This page is meant as a template for writing a KIP. To create a KIP choose Tools->Copy on this page and modify with your content and replace the heading with the next KIP number and a description of your issue. Replace anything in italics with your own description.
Current state: WIP - DRAFT
Discussion thread: here
Please keep the discussion on the mailing list rather than commenting on the wiki (wiki discussions get unwieldy fast).
Searching offset by timestamp in Kafka has very coarse granularity (log segment level), it also does not work well when replica is reassigned. This KIP tries to introduce a time-based log index to allow searching message in Kafka by timestemp at a finer granularity.
This KIP depends on KIP-32.
Search message by Timestamp.
New time-based log index
In order to enable timestamp based search at finer granularity, we need to add the timestamp to log indices as well. Broker will build time index based on LogAppendTime of messages.
Because all the index files are memory mapped files the main consideration here is to avoid significantly increasing the memory consumption.
The time index file needs to be built just like the log index file based on each log segment file.
Use a time index for each log segment to save the timestamp -> log offset at minute granularity
Create another index file for each log segment with name SegmentBaseOffset.time.index to have index at minute level. The time index entry format is:
The time index granularity does not change the actual timestamp searching granularity. It only affects the time needed for searching. The way it works will be the same as offset search - find the closet timestamp and corresponding offset, then start the leaner scan over the log until find the target message. The reason we prefer minute level indexing is because timestamp based search is usually rare so it probably does not worth investing significant amount of memory in it.
The time index will be built based on the log index file. Every time when a new entry is inserted into log index file, we take a look at the timestamp of the message and if it falls into next minute, we insert an entry to the time index as well. The following table give the summary of memory consumption using different granularity. The number is calculated based on a broker with 3500 partitions.
Users don't typically need to look up offsets with seconds granularity.
Use case discussion
Search message by timestamp
There could be a few reasons people want to search messages by timestamp. One important use case is for disaster recovery.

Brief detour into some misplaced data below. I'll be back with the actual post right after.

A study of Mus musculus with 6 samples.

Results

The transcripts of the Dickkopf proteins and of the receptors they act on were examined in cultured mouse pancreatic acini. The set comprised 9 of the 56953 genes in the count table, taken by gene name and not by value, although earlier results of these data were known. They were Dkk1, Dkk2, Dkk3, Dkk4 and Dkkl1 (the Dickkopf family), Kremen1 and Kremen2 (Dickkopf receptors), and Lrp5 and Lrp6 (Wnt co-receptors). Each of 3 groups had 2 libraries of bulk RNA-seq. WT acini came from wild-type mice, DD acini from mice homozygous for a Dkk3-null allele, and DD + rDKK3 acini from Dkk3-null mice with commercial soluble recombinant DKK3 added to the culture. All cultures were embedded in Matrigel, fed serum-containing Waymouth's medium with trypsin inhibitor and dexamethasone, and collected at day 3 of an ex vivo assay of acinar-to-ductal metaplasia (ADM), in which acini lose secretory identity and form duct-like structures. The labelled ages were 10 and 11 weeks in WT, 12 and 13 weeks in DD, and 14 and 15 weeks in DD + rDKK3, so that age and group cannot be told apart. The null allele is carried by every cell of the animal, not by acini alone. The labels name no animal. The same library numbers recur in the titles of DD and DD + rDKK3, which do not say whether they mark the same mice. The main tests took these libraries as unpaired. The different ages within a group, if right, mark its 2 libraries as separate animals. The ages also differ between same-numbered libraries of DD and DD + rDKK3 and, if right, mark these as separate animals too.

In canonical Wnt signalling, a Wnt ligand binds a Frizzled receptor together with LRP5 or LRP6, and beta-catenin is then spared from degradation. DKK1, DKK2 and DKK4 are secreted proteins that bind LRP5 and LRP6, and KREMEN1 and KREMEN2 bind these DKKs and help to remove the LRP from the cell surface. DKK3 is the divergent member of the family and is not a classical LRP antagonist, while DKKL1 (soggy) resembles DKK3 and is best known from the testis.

Imagine people have cluster 1 and cluster 2 at different locations. The two clusters has same data. When cluster 1 goes down, the consumers of cluster 1 will try switching to consume from cluster 2. The problem is which offset should those consumers resume consuming from. The goals here are:
- Not lose messages.
- Reconsume as less as possible duplicate messages that has already been consumed from cluster 1.
The challenge is that there is little cross reference between cluster 1 and cluster 2. The offset checkpoint for cluster 1 does not apply for cluster 2. This is a hard to get accurate resuming point, because the message order and content for each partition could be significantly different between the two clusters. An approximate approach to take in this case is to take a look at the timestamp T of the last consume message from cluster 1 (), and then start to consume from the message produced to cluster 2 at (T - X) where x is some safety buffer based on latency difference between cluster 1 and cluster 2, say 15 min.
Compatibility, Deprecation, and Migration Plan
- What impact (if any) will there be on existing users?
- If we are changing behavior how will we phase out the older behavior?
- If we need special migration tools, describe them here.
- When will we remove the existing behavior?
Add a timestamp field to log index entry
The most straight forward approach to have a time index is to let the log index files have a timestamp associate with each entry.
Because the index entry size become 16 bytes instead of 8 bytes. The index file size also needs to be doubled. As an example, one of the broker we have has ~3500 partitions. The index file took about 16GB memory. With this new format, the memory consumption would be 32GB.